The Obama administration on Thursday announced voluntary guidelines for Web companies to protect consumers’ privacy online, a win for Google, Facebook and other Internet giants that have fought against heavier federal mandates.
The White House did not include a much-debated “do not track” rule that would have forced companies to offer users the choice of stopping advertisers from tracking their activities across the Web. While the Obama administration will not require the technology, Web firms, including Google, Yahoo!, Microsoft and AOL have agreed to voluntarily embed “do not track” buttons in Web browsers, government officials said.
In what it has dubbed the “Consumer Privacy Bill of Rights,” the administration outlined several principles. It said users should have more control over data collected about them and how the information is used; consumers should be able to limit the collection of personal information, especially about children; and users should be able to correct false information about them.
“As the Internet evolves, consumer trust is essential for the continued growth of the digital economy,” Obama said in a statement. “For businesses to succeed online, consumers must feel secure.”
The move by the U.S. government gives Web giants leverage in their negotiations with regulators in Europe, where the companies can now make a stronger case for voluntary rules, analysts say.
The Federal Trade Commission will police companies that agree to the guidelines. The administration said that it will seek legislation to codify the rules and that the Commerce Department will soon bring together companies, consumer groups and academics to come up with more specific codes of conduct.
A recent spate of controversial practices by Web companies have sparked concerns about privacy among state attorneys general, lawmakers and consumer groups.
Google, for instance, announced that it would begin next week to pull data from all of its sites to create profiles of users who have signed into their accounts. The search giant also has been accused of circumventing mobile-device browsers’ privacy protections so that it could track the activities of consumers.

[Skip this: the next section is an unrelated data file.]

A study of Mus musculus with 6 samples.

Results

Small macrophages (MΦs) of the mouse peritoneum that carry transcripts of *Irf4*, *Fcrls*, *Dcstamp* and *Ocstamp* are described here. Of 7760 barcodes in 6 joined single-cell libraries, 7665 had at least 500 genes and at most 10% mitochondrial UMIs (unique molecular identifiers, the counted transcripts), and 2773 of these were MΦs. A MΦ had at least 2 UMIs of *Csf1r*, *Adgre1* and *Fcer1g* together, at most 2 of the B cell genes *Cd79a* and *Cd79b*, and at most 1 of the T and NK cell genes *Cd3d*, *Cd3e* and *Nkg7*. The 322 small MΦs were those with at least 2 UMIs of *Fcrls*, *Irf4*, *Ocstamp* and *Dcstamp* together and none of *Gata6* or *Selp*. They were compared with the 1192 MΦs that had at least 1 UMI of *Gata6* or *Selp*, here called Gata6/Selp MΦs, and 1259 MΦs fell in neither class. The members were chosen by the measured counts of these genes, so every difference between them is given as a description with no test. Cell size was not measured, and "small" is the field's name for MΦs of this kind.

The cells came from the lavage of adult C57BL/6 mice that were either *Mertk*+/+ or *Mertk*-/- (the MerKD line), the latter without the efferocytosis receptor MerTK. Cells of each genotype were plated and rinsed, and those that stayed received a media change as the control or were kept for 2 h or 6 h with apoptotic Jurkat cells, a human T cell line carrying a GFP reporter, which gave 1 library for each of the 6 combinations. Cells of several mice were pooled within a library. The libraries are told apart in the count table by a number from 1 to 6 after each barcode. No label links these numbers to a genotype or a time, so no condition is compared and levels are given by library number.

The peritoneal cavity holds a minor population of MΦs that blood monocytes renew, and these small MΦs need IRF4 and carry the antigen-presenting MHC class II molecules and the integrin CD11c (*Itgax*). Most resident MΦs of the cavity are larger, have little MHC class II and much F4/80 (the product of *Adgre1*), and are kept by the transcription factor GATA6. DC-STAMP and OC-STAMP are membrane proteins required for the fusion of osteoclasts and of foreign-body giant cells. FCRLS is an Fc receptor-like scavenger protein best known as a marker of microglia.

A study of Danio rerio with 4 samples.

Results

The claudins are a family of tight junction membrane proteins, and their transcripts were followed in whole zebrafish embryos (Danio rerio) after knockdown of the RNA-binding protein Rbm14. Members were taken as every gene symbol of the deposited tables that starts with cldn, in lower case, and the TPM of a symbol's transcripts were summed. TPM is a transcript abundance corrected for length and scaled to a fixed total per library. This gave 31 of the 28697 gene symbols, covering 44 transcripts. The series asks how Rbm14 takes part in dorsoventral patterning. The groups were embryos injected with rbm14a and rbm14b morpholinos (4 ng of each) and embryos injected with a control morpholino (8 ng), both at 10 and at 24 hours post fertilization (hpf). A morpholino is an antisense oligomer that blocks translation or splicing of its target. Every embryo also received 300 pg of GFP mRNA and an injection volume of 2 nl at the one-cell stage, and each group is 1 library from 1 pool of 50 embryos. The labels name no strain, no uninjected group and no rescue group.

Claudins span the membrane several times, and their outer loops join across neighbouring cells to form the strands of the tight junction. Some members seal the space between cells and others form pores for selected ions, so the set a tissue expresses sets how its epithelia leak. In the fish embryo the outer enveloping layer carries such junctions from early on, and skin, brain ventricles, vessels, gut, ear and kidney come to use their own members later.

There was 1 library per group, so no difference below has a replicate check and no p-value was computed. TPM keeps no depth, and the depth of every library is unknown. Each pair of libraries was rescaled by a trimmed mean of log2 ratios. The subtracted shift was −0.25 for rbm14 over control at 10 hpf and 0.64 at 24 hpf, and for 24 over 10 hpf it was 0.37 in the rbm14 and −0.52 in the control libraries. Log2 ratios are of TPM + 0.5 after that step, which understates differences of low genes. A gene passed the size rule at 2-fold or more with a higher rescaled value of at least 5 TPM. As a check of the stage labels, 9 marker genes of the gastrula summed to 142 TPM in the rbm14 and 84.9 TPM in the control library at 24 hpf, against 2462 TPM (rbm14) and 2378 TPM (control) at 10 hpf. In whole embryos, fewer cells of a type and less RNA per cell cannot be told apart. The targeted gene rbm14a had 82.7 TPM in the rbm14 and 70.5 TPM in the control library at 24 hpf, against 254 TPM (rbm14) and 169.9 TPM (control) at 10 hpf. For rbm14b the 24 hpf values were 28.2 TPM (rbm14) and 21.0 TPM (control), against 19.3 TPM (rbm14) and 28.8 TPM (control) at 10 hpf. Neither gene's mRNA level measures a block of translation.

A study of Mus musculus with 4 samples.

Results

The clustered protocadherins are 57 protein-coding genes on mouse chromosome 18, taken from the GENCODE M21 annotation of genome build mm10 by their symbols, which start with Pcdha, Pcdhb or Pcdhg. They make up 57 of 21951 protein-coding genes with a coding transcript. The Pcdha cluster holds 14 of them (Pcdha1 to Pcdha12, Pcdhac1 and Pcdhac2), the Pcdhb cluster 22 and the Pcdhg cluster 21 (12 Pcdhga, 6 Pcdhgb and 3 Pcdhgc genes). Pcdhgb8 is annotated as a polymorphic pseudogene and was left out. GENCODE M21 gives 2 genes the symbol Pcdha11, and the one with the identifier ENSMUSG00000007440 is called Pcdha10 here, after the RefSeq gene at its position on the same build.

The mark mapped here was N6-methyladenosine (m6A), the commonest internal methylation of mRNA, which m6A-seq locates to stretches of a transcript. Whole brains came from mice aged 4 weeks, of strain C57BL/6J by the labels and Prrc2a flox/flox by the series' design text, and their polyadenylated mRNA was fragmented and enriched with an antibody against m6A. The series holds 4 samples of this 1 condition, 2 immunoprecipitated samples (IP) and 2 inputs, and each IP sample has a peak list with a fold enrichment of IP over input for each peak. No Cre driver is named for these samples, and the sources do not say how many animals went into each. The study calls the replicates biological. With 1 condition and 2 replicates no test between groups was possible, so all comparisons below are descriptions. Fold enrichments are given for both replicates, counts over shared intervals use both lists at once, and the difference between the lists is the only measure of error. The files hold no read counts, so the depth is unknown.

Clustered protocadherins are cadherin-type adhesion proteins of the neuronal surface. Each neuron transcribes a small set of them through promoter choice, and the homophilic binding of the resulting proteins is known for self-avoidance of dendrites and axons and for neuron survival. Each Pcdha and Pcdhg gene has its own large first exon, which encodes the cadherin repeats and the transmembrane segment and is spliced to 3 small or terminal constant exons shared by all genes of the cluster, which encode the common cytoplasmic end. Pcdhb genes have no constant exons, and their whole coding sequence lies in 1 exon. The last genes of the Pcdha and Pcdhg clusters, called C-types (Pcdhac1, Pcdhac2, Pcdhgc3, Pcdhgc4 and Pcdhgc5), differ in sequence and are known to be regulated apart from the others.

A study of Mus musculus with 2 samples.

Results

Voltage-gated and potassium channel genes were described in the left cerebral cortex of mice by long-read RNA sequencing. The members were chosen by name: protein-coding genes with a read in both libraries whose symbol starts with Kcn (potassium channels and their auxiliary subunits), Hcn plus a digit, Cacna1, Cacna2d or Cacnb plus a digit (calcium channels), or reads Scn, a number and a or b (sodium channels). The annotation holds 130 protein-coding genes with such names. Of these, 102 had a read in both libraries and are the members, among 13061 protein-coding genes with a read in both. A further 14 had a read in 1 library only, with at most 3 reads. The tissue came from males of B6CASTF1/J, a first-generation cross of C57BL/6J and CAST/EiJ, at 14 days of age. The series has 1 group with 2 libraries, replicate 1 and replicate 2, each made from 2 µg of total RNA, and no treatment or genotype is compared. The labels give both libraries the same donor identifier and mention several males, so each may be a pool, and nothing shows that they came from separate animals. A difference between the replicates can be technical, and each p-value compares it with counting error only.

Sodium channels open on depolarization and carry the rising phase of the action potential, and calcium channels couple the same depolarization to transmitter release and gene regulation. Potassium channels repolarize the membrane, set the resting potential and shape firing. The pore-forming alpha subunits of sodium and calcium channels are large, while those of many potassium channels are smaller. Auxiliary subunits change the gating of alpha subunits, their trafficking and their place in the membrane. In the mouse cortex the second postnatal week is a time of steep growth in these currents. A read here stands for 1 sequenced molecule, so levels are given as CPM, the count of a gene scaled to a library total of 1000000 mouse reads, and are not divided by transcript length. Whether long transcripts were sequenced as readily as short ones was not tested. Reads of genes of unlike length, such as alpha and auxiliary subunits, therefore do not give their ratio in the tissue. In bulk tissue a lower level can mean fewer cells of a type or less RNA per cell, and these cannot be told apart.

In light of such controversies, privacy groups had urged government officials to adopt the “do not track” mandate, but software developers and advertising firms have decried the technology as expensive and difficult to implement.
In a news briefing Wednesday, White House officials said a consortium of advertisers had come up with anti-tracking software that companies can choose to implement.
“Any ‘do not track’ mechanism needs to be robust and meaningful and cannot be more of the same self-regulatory system,” said Pam Dixon, executive director of consumer group the World Privacy Forum.
The biggest Web firms — including Google, Yahoo!, Microsoft and AOL — are expected to adopt the guidelines, government officials said. Many of those firms say they offer consumers anti-tracking options.
At the same time, the firms have urged government officials to resist legislation that could hamper their ability to tap the lucrative behavioral marketing business.
The White House report doesn’t specifically address privacy on mobile devices — an area that firms are eager to protect from federal regulation. On Thursday, Apple, Google, Amazon and Microsoft agreed to clearly disclose the privacy policies of app developers at their app stores.
The FTC reported last week that Google, Apple and most mobile app developers do not offer any information about how they collect information about users.